New Jersey Confirms Its Earliest Ever West Nile Virus Case

By The Associated Press

TRENTON—New Jersey health officials have confirmed the state’s first human case of the West Nile virus this year, the earliest it has ever been detected in state history.

They say a Hunterdon County man in his 70’s began showing signs of meningitis on June 21 and was hospitalized for several days. They later confirmed he had contracted West Nile virus, which is spread by mosquitoes that have fed on an infected bird.

The man is still recovering at home. His name and further details about the case have not been released.

Officials say 61 people in New Jersey were infected by West Nile virus last year, marking the highest number of cases ever reported in the state

Symptoms can include flu-like illness, fever or skin rashes. Some people infected with West Nile virus are asymptomatic.

Health Officials Warn About Mosquito Season

Health officials in New Mexico are predicting one of the worst mosquito seasons in decades thanks to wetter weather earlier this year.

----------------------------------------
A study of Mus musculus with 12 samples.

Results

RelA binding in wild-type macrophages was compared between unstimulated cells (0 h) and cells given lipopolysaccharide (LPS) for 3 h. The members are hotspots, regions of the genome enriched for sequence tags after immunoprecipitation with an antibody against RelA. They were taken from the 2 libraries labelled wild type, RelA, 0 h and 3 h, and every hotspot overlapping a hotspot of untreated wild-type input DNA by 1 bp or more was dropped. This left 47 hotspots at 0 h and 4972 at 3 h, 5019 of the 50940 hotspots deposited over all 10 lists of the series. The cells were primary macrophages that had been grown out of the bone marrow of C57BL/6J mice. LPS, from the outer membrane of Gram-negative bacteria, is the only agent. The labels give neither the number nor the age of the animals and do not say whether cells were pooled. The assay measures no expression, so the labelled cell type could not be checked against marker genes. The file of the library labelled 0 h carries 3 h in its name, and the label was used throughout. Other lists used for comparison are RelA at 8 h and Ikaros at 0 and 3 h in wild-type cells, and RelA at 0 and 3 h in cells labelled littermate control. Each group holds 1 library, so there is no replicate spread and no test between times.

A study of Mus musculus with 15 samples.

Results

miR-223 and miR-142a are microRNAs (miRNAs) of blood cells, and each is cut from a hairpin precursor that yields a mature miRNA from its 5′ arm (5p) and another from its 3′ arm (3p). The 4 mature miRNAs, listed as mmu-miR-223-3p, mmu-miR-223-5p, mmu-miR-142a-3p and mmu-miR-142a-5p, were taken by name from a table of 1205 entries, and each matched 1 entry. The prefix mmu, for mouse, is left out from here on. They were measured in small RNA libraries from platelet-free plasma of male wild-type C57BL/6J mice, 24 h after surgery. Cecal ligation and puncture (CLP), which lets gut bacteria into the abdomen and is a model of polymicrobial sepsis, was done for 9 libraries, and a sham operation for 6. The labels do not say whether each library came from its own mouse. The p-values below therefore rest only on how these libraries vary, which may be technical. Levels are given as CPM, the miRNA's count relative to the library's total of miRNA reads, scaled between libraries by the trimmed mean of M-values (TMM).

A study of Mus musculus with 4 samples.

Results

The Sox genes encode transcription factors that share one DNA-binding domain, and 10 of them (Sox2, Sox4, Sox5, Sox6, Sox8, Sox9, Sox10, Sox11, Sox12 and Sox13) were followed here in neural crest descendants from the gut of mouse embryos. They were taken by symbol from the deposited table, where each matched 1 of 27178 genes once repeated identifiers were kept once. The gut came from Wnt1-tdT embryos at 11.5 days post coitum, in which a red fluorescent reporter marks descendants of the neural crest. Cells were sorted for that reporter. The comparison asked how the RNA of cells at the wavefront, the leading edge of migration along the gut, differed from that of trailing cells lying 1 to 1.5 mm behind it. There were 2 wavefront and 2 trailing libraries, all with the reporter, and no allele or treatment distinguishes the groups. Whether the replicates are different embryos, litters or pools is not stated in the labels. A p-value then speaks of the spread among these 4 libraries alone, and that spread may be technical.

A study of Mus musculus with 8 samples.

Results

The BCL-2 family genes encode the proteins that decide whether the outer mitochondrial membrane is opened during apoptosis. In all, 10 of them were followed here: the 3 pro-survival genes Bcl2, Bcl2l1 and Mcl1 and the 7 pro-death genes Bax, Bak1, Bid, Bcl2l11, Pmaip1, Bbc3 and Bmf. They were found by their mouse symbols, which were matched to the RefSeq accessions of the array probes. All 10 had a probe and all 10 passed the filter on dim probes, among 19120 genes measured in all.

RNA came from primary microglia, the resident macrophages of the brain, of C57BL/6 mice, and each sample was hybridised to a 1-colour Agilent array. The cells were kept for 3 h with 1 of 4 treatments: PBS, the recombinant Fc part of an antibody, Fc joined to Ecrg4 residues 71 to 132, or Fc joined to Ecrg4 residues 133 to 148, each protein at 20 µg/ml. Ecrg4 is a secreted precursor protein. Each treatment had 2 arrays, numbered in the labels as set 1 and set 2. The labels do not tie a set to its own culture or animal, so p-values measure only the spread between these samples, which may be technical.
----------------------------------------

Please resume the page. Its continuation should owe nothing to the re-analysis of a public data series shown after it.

KOB-TV reports health officials believe the mosquito population and the threat of West Nile Virus are on the rise as monsoon season approaches.

Mark DiMenna of the Albuquerque Environmental Health Department says the city is preparing for a bad mosquito season which the likes they haven’t seen in 15 years.

Standing water along the arroyos, ditches, wetlands and even the side of the road are breeding grounds for mosquitoes.

New Mexico’s largest city uses larval control through water management and source reduction and with the use of environmentally friendly, EPA-approved chemicals.

First South Dakota Human West Nile Virus Case of 2019

The first case of the virus in 2019 has been recorded in South Dakota.

The state Health Department said on July 1, the virus was detected in a Turner County resident between the age of 30 and 39.

State epidemiologist Joshua Clayton says South Dakotans need to protect themselves against the mosquito-borne virus, especially during evening outdoor activities such as Fourth of July fireworks shows.

Clayton says South Dakota historically has a disproportionately high number of West Nile virus case compared with other states.

He encouraged residents to reduce their risk by applying mosquito repellents to clothes and exposed skin, wearing pants and long sleeves when outdoors, limiting time outdoors from dusk to dawn when mosquitoes are most active, and getting rid of standing water that gives mosquitoes a place to breed.